Last month, outside of the manic hot-house of E3, I was fortunate to get the chance to sit down with Super Mario Odyssey, and bask in the vast potential of Nintendo’s first flagship Mario title since Super Mario Galaxy.
Like Mr Schreier at E3 last month, I explored part of the Sand Kingdom, Tostarena, and the already iconic, human-occupied New Donk City. Instead of going over old ground though, I decided to get stuck into game's more obscure elements; the hidden nooks and crannies and the many different ways that players can obtain Odyssey's coveted Power Moons.
Watch any coverage of Odyssey and you’ll get a fair idea of the scope of each area. It doesn’t want to impress with sheer size, but instead focuses on adding substantial depth to each stage. Galaxy had players visit areas with an express purpose in mind, a set mission or star to collect, while Odyssey just wants players to run free, exploring and uncovering secrets on their own.
It feels like Nintendo is building on its Breath of the Wild mantra in Odyssey, doubling down on the idea that freedom is fun. While skipping merrily around Tostarena, I found my first Moon hidden — tucked sneakily away in a secret passage — simply by wandering off the beaten path.
Exploration is key in Odyssey; if you can see something, you can eventually reach it, but getting there often requires a bit of wacky experimentation. In New Donk City, for example, I managed to find an entirely new area by popping open a manhole cover and hopping inside.
You'll want to explore as thoroughly as possible too. Diligent adventurers can uncover new currency in each world that can be used to purchase Power Moons and unique items. At one point, I was able to buy Mario a sombrero and poncho that gave me access to a restricted area — as well as letting me see him perform the ultimate mariachi dance.
It's obvious that Nintendo has found real inspiration in the idea of Mario going on holiday. From the unique currency to the game’s tourist brochure-style maps, Odyssey is fully committed to its globe-trotting holiday motif.
Thankfully Mario’s equipped with all the right moves to make travelling feel fluid and engaging. Whether you're possessing enemies or dashing up poles, movement in Odyssey has been perfectly honed to help you get Mario exactly where you want him to go, without feeling like a chore. All the classics moves are back, including ground pounding and wall jumping, along with some new additions like Cappy.
Cappy, as you'll have no doubt spotted in Nintendo's lively E3 videos, functions more or less like a boomerang. This is where the Switch's motion controls really come into play; you can shake one Joy-Con to throw Cappy forward, and snap both together to make him perform a spin attack. Both feel very satisfying, and ended up as my default method of attack.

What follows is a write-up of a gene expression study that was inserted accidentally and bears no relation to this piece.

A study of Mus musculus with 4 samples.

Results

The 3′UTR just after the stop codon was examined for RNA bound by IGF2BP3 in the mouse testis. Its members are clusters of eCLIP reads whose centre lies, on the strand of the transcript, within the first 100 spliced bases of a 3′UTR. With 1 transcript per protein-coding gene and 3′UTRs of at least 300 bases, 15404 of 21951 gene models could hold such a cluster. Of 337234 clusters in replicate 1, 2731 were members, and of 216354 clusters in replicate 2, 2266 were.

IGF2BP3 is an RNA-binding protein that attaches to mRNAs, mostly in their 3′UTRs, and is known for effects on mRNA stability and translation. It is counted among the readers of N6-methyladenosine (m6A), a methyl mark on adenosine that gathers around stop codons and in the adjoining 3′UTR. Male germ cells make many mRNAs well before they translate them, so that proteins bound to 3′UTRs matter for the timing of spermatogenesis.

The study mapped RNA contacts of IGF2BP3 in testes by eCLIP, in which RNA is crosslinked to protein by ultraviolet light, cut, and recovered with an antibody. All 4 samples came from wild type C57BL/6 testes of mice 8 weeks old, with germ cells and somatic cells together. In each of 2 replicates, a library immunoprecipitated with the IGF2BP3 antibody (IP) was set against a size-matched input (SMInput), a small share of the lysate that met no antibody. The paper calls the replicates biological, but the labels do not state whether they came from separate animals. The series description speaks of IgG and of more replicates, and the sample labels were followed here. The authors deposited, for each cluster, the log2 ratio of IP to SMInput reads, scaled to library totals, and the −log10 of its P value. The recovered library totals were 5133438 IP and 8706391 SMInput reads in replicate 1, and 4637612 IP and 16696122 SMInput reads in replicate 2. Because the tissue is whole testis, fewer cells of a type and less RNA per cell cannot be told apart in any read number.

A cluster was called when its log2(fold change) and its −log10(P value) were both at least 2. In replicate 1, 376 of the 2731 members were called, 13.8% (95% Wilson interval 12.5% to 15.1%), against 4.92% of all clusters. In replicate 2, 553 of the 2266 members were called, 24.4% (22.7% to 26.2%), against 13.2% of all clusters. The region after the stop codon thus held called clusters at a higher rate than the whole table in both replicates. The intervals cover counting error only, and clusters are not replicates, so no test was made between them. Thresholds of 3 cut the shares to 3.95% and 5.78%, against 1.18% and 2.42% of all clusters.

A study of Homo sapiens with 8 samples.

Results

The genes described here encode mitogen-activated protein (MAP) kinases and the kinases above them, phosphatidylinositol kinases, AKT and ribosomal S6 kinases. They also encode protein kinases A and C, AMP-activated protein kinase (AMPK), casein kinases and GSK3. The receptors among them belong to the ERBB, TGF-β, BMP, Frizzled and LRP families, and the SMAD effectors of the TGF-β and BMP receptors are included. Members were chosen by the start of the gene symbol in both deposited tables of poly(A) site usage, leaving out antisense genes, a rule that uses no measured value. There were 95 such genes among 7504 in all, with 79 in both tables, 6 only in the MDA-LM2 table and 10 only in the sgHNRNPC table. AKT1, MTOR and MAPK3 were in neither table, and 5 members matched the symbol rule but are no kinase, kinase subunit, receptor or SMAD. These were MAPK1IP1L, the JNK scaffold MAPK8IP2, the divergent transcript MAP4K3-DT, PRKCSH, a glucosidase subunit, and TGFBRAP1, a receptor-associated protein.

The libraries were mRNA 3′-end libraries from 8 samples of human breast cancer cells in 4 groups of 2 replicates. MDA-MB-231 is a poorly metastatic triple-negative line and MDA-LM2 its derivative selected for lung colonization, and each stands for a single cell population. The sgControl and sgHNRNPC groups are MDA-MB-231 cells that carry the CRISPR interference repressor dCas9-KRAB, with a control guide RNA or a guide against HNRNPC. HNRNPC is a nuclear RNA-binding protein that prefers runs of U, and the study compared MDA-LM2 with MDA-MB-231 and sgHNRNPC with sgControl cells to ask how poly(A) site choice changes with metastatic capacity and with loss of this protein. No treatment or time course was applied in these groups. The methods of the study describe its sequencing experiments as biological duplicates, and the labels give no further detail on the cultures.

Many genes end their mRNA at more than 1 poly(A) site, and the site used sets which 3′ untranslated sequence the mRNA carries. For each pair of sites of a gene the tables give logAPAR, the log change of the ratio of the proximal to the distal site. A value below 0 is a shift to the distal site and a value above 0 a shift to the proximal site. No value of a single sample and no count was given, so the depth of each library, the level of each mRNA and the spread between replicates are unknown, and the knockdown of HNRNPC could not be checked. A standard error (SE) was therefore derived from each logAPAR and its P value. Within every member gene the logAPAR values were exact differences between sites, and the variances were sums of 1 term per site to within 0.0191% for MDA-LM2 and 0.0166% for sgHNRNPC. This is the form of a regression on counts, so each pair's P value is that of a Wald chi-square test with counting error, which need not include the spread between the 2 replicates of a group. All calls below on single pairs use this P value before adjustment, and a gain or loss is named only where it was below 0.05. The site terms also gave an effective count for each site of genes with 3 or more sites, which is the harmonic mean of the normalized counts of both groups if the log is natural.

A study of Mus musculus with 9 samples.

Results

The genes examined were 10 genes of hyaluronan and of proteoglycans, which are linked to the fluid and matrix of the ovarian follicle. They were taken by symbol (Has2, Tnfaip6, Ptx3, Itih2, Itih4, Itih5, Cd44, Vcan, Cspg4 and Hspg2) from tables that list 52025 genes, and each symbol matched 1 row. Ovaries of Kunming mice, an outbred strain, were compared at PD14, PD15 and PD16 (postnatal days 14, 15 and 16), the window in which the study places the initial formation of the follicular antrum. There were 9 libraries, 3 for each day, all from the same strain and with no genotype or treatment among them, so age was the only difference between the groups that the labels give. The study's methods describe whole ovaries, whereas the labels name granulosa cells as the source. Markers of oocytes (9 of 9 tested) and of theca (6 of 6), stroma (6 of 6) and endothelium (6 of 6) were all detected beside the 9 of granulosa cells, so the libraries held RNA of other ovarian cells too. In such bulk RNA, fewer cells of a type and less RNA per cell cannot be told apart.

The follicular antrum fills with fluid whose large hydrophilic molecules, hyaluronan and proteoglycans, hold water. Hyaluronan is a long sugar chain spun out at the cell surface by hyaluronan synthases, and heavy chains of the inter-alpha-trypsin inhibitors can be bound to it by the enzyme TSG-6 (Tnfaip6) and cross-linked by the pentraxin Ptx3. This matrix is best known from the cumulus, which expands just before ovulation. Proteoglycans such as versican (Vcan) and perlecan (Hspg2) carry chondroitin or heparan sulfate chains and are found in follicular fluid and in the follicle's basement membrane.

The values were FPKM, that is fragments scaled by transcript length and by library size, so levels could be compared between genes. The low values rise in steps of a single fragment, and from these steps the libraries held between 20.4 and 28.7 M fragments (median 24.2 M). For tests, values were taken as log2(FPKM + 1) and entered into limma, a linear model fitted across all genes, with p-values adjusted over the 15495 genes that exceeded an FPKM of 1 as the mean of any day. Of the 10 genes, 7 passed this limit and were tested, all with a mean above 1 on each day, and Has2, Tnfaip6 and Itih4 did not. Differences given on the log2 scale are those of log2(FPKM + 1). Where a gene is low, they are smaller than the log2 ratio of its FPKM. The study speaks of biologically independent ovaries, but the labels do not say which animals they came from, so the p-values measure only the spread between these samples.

If you're super keen to acquire Power Moons in Odyssey, there are plenty of options outside of exploration. For instance, trying doors in Tostarena led me to a simple little match-3 slot machine game, and I even discovered some giant acorns that could be planted in pots to tease out new rewards.
It's safe to say that collecting Power Moons feels a lot quicker than gathering Stars or Shines ever did. Every few minutes of play in Odyssey brings another reward and a greater sense of achievement as you explore each sandbox-style level, which is an approach I can firmly get behind.
And god, there is so much charm. It's an obvious thing to say about a Mario game, but Odyssey is something else, and Nintendo's attention to detail really makes the different locations shine. There's the way Mario’s animations change depending on his environment, the little cabbie hats on New Donk City's Bullet Bills, the posters of Bowser kidnapping Peach hidden across each map — these small touches really help to bring each unique environment to life.
If I were forced to choose, I’d probably have to say that Tostarena is a better stage than New Donk City at this point. Compared to the russet-coloured sands and wide horizons of Tostarena, New Donk City just feels a little cramped and dull. And to be honest, I'm still not completely sold on the merits of putting Mario in any kind of ‘realistic’ environment. I want bold ideas and new directions from Nintendo, and New Donk City doesn't quite deliver.
Not that Super Mario Odyssey is short of weird creativity. One of its greatest strengths is the way it constantly spits out strange new surprises, something that you immediately want to share with other people. Did you know, for instance, that piranha plants will swallow Cappy whole if you throw him in their direction, or that you’ll have to jump on their heads to free him?
Super Mario Odyssey often feels like an Easter Egg hunt, a game that's designed specifically to reward your curiosity and sense of adventure. Imagine the open-world elements of Sunshine mixed in with the tight controls and variety of Galaxy, and you’ve pretty much got Odyssey down to a T. It's wonderful playground of discovery, and classic Nintendo through and through. And remarkably, we've only seen a tiny fraction of Super Mario Odyssey's enticing world.